A ban on automated machines that pay instant cash for used cellphones won final approval by the City Council tonight, with Mayor Stephanie Rawlings-Blake applauding the vote as “a step in the right direction for a safer Baltimore.”
The ordinance making so-called Automated Purchasing Machines (APMs) a prohibited use in the city came in the wake of this year’s wave of cellphone theft focusing on Baltimore-area walkers and joggers.
Made by San Diego-based ecoATM, the kiosks recognize phones, tablets, iPods, Kindles and other mobile devices and spit out hundreds of dollars for later models.
Kiosks have sprung up in all the major malls just outside the city line. Company officials stress the array of safeguards they have created to discourage thieves, including fingerprint and driver’s license scanners and real-time video monitoring.
But law enforcement officials and other critics say the technology, marketed as a way to promote recycling of old electronics, has also been “like a honeypot” for thieves, with phones from some Baltimore-area muggings winding up in suburban ecoATMs.
“These machines have been known to attract criminal activity, making it harder for communities to be safe,” Rawlings-Blake said in the statement her office released late today to the media.
“I support this ban and additional efforts that government and private industry can make to reduce incidents of crime surrounding these machines and to improve technologies that can permanently deactivate a stolen cell phone, making the device obsolete and reducing the incentive for criminals to steal them,” Rawlings-Blake said.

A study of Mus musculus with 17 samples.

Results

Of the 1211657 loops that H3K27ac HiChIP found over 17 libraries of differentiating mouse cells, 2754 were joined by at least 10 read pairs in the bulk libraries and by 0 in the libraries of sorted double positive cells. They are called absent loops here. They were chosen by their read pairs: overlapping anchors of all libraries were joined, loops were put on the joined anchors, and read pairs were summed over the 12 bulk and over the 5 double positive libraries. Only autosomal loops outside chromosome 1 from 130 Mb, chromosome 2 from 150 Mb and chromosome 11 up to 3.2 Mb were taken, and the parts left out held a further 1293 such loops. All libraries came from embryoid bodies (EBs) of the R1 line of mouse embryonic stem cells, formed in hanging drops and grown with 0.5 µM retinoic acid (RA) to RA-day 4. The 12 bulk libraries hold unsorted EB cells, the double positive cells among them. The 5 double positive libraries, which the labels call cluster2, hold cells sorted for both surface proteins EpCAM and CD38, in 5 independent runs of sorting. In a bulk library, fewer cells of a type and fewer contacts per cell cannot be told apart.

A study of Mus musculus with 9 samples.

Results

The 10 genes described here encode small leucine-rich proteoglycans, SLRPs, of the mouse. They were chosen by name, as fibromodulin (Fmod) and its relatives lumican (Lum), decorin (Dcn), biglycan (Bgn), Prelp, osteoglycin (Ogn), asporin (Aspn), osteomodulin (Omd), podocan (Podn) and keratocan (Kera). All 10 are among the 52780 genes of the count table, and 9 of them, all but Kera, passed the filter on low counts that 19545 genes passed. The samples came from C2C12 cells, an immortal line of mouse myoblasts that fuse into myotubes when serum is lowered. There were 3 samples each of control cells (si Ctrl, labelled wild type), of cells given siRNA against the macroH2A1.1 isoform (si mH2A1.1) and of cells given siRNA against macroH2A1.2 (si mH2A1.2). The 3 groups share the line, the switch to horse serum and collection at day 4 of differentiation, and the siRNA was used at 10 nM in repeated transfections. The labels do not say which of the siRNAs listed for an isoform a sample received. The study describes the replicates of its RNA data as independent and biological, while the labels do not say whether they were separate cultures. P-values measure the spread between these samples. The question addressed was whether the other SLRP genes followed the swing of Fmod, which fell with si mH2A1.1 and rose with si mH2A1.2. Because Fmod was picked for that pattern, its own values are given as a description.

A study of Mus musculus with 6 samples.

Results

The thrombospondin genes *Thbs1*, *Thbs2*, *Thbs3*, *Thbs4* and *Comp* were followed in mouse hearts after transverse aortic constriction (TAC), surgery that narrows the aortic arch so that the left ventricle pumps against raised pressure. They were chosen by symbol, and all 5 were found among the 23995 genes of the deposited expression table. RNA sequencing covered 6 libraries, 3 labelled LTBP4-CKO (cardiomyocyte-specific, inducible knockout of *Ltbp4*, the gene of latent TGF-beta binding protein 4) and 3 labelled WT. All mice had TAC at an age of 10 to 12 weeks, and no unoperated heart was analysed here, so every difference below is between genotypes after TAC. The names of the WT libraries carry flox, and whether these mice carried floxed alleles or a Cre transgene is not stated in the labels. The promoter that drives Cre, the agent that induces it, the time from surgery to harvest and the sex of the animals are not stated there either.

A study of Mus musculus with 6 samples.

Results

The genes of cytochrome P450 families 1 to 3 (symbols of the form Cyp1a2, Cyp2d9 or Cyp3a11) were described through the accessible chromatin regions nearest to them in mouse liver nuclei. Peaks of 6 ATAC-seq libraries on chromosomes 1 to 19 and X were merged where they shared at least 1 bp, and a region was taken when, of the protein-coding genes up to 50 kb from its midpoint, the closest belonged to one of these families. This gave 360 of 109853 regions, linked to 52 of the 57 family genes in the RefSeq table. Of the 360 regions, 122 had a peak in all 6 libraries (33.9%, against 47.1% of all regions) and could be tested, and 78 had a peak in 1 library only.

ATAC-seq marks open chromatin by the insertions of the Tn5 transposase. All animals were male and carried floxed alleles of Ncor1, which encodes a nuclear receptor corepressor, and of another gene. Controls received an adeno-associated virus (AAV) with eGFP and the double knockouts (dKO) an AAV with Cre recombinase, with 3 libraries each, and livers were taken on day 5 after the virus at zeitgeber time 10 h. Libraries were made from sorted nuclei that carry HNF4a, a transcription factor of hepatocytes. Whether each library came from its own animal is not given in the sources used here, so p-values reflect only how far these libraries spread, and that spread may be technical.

Statewide and National Problem, Too
The larger issues she references will, in part, be taken up in Annapolis, since other jurisdictions have so far permitted the kiosks to be installed.
Recognizing the need for a uniform approach across the state, several state lawmakers who represent Baltimore have already said they are drafting bills to regulate APMs in the upcoming Maryland General Assembly session.
Delegates Luke Clippinger (D-46th) and Del. Mary L. Washington (D-43rd) are both working on legislation which they said would be aimed at restricting APMs in the interest of public safety but could conceivably be worded to allow them – if they can be made to adhere to the same reporting requirements imposed on second-hand dealers.
“There is an environmental value to keeping these things out of the landfills,” Washington said.
Councilman Bill Henry floated that idea as well but it garnered no support on the Council amid concern over the crime wave and doubt about whether the technology could be made to reliably identify and track stolen phones.
Some in law enforcement and in Congress have championed a national stolen phone data-base and pressured phone companies to install kill switches that would remotely disable smartphones, making them less valuable and less of an attraction for thieves.